7 things to consider when choosing your life insurance beneficiary

In life, there are few decisions as important as choosing the beneficiary of your life insurance proceeds.

Naming a beneficiary can help protect your loved ones, bypass legal processes or red tape, and ensure that the funds go where you intended upon your passing.

Here are the most important things to keep in mind when choosing your beneficiary to ensure the process goes smoothly.


There are many options when choosing a beneficiary – the proceeds don’t always go to the spouse or children. Your beneficiary can be one person or two or more individuals.

You can also name the designated trustee of your estate, a business partner, or a charity organization. Alternatively, the funds can go directly into your estate.

The reason you purchased life insurance will influence your choice of beneficiary.

2. Insurable Interest

There must be insurable interest between you and the person or entity you name as your beneficiary. Although you can technically name anyone as your beneficiary, there needs to be legitimate financial interest and purpose between all parties.

For instance, spouses usually name their children and other dependents as beneficiaries because these are the people who typically rely on the insured for financial support.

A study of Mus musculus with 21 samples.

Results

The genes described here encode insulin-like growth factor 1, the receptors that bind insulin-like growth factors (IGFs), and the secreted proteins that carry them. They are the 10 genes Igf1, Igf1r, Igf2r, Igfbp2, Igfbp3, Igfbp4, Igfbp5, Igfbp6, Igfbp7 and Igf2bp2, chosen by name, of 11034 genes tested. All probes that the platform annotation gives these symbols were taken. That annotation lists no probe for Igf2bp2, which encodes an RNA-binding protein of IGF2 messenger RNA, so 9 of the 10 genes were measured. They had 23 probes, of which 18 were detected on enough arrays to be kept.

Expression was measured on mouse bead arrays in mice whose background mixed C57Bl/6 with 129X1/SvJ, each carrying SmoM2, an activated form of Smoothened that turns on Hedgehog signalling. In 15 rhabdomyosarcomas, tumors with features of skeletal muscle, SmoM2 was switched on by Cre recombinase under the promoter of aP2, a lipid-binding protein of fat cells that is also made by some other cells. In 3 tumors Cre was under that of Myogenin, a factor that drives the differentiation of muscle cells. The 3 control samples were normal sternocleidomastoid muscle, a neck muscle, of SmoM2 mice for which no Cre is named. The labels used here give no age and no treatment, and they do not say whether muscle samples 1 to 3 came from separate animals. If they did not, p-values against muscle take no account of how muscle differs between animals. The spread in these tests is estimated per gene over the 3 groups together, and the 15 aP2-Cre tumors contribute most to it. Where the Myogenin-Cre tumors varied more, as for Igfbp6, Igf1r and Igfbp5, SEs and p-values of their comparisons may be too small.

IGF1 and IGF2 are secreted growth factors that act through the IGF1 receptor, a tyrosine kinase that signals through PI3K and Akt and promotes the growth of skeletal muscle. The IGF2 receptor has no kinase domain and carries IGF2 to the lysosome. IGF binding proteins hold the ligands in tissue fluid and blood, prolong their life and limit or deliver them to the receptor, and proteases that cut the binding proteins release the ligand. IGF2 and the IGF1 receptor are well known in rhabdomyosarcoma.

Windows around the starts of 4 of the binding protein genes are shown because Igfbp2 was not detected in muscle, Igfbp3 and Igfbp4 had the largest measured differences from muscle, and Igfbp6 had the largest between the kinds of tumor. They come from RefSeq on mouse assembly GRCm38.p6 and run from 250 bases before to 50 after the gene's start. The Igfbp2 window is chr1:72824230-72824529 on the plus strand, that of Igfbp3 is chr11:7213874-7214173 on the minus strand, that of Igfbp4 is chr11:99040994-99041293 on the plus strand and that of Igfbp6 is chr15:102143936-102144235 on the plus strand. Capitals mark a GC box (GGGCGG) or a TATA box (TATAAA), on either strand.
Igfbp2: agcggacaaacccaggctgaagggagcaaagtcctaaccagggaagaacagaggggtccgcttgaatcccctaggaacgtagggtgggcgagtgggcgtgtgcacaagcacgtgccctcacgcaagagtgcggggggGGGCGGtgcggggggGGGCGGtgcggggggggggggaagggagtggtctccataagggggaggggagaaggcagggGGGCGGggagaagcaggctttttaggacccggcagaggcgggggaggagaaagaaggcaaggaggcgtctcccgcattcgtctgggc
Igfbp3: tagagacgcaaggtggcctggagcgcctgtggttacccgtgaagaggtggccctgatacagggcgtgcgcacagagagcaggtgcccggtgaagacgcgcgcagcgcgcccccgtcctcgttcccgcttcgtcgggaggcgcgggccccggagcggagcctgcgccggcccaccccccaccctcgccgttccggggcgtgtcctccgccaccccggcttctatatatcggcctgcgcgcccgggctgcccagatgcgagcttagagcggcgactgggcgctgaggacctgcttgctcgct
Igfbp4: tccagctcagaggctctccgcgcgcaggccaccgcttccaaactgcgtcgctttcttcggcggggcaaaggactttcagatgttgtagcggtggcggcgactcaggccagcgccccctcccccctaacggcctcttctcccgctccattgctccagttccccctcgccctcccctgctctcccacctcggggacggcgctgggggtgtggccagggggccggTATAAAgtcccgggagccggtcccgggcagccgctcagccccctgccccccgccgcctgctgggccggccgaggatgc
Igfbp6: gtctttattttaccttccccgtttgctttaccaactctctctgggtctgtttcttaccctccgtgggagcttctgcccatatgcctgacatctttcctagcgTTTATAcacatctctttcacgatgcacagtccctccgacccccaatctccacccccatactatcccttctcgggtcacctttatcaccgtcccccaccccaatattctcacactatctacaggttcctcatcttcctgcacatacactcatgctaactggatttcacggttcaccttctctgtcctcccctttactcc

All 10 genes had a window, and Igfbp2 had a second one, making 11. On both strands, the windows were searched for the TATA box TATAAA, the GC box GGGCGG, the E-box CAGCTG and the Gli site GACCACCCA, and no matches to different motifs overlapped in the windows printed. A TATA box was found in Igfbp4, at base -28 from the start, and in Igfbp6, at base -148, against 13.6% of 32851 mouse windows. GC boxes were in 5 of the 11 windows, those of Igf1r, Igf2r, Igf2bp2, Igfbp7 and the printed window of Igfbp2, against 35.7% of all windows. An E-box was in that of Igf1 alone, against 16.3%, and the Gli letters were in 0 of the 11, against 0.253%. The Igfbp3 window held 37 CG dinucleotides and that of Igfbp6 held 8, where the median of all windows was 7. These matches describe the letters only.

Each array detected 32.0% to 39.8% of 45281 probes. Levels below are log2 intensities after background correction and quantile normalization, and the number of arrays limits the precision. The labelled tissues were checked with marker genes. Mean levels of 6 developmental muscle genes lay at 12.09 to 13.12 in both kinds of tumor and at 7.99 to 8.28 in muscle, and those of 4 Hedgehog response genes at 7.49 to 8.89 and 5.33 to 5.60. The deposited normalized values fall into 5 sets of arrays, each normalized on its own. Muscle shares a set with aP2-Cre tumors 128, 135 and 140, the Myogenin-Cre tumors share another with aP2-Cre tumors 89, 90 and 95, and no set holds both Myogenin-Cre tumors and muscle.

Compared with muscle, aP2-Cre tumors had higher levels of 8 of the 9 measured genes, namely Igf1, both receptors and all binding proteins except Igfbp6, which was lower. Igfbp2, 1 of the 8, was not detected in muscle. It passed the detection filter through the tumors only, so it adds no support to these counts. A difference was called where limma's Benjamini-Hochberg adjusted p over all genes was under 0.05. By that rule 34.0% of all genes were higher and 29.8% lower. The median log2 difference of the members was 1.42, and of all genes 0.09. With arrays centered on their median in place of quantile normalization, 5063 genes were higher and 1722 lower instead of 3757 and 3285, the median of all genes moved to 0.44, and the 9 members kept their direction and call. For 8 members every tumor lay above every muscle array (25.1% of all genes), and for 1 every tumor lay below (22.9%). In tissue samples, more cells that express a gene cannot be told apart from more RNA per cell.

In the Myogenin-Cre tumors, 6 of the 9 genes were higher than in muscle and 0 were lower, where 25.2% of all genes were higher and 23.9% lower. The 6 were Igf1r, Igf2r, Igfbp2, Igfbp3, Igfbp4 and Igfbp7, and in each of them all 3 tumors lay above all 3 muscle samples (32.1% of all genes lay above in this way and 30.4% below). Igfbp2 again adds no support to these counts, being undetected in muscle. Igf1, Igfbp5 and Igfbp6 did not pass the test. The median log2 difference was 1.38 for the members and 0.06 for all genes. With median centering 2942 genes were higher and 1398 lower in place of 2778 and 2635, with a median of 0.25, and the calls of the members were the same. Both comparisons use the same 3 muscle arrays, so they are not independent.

3. Money Management

Consider if the beneficiary you name can manage money effectively. If not, you can establish a trust and appoint a trustee to distribute or invest the funds on the beneficiary’s behalf.

4. Contingency

Always name a secondary beneficiary on your policy as a backup in case the primary beneficiary refuses the proceeds, can’t be found, or is deceased at the time of your passing.

Having a secondary beneficiary (also known as a contingent beneficiary) will ensure that the funds are passed on without probate.

However, make sure you select the secondary beneficiary according to the same selection process you employed for the primary beneficiary – not just as an afterthought.

5. Age of the Beneficiary

Pension plans, retirement accounts, and insurance plans will not usually pay benefits to someone under the age of 18, and state regulations also may limit the amount of the proceeds a minor can receive.

In the case of the latter, the court may have to appoint a guardian – which can be an extremely lengthy process. Setting up a trust fund for a minor and appointing a trustee to handle the account until he or she reaches a certain age may be a better option. 

6. State or Policy Rules

Some insurance companies or states may restrict who you may name as your beneficiary. In states with common property laws, your spouse may need to sign a waiver if you name another beneficiary.

Consult state guidelines and discuss these matters with an attorney if you have any questions about state laws and life insurance beneficiaries.

It’s also important to note that your will does not override your life insurance policy – so always make sure that they corroborate each other. Both life insurance beneficiaries and wills can be contested in a court of law.

7. Estate as a Beneficiary

If you fail to name a beneficiary, your life insurance proceeds will automatically go to your estate. The probate court will decide how to distribute the funds, which can be a long process that could whittle away at the proceeds.

To make sure that your life insurance proceeds are paid over to the people who need it quickly, designate a beneficiary as soon as possible.